The Washington Post examines the origins of the economic crisis.

Risk and Regulation  |  The Frenzy  |   Full Report

THE CRASH | What Went Wrong

Downgrades And Downfall

Washington Post Staff Writers
Wednesday, December 31, 2008

Third of three parts

The contracts were flying out of AIG Financial Products. Hardly anyone outside Wall Street had ever heard of credit-default swaps, but by early 2005, investment banks were snapping them up to insure all kinds of deals in case of default, fueling one of the great financial booms in U.S. history.


Once a small part of the firm's business, the increasingly popular contracts had helped boost the company's profits to record levels. The company's computer models continued to show only a minute chance that the firm would ever pay out a dime on the contracts, and it turned down deals that didn't meet its standards. After their reviews, Cassano and his team would consult with AIG executives, sometimes including chairman and chief executive Maurice "Hank" Greenberg. "We rode pretty tight rein on them," Greenberg recalls.

But the swaps also exposed Financial Products and its parent AIG, the global insurance titan, to billions of dollars in possible losses. By spring 2005, some Financial Products executives were questioning the surge in volume. Among them was Cassano, an early advocate for the swaps business who ran the firm from its London office.

"How could we possibly be doing so many deals?" one executive recalls Cassano asking Frost, the firm's liaison with Wall Street dealers, during one conference call.

"Dealers know we can close and close quickly," Frost said. "That's why we're the go-to."

Efficiency wasn't the only reason. Frost didn't have to say aloud what everyone at the firm already appreciated. Financial Products had become the "go-to" for credit-default swaps in part because of its knowledge and reliability, but also because it had AIG's backing. The parent company's top-drawer, Triple A credit rating and its deep pockets assured customers that they could rest easy.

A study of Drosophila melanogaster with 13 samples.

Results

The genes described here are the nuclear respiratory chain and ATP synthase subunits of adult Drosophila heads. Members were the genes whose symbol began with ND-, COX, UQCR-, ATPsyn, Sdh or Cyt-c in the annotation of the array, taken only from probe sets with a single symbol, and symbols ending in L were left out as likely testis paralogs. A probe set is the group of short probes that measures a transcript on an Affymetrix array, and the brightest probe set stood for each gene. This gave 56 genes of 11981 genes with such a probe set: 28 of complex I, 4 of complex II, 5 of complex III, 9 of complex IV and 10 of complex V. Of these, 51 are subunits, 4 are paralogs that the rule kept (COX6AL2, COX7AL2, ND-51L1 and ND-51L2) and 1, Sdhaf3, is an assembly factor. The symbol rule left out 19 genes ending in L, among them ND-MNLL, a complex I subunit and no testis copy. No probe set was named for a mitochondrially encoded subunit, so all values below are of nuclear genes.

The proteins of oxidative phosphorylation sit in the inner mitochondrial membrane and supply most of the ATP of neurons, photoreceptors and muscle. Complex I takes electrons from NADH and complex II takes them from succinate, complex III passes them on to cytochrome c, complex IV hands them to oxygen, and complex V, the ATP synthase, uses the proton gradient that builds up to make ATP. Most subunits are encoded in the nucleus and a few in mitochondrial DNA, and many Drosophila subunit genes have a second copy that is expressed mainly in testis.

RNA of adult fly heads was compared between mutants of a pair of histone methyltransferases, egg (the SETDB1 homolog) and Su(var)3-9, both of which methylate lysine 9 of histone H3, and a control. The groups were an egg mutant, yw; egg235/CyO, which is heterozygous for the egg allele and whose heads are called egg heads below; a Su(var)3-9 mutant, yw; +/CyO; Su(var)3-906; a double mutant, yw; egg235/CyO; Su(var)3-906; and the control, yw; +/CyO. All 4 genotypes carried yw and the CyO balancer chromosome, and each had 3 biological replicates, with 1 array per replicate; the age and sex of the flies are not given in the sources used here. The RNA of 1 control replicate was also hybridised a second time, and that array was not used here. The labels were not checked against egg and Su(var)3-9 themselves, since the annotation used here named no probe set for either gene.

Their comfort turned out to be illusory. The credit-default swaps became a primary force in the disintegration of AIG as a private enterprise and a massive government rescue aimed at preventing catastrophic damage to the world's financial system. Never in U.S. history has the government invested so much money trying to save a private company.

Even as Frost spoke, trouble was brewing for AIG. On March 14, 2005, Greenberg stepped down amid allegations about his involvement in a questionable deal and accounting practices at AIG. The next day, the Fitch Ratings service downgraded AIG's credit rating to AA. The two other major rating services, Moody's and Standard & Poor's, soon followed suit.

The initial fallout came swiftly, as AIG's annual report to federal regulators disclosed. The downgrades had triggered provisions in Financial Products' existing transaction, the report said, requiring its parent company to post $1.16 billion in collateral for the deals.

The company also warned that the downgrades could erode confidence in Financial Products, a crucial element in the unit's phenomenal success. "Historically, AIG's triple-A ratings provided AIGFP a competitive advantage. The downgrades will reduce this advantage and [some] counterparties may be unwilling to transact business with AIGFP except on a secured basis," AIG reported to the Securities and Exchange Commission in May 2005.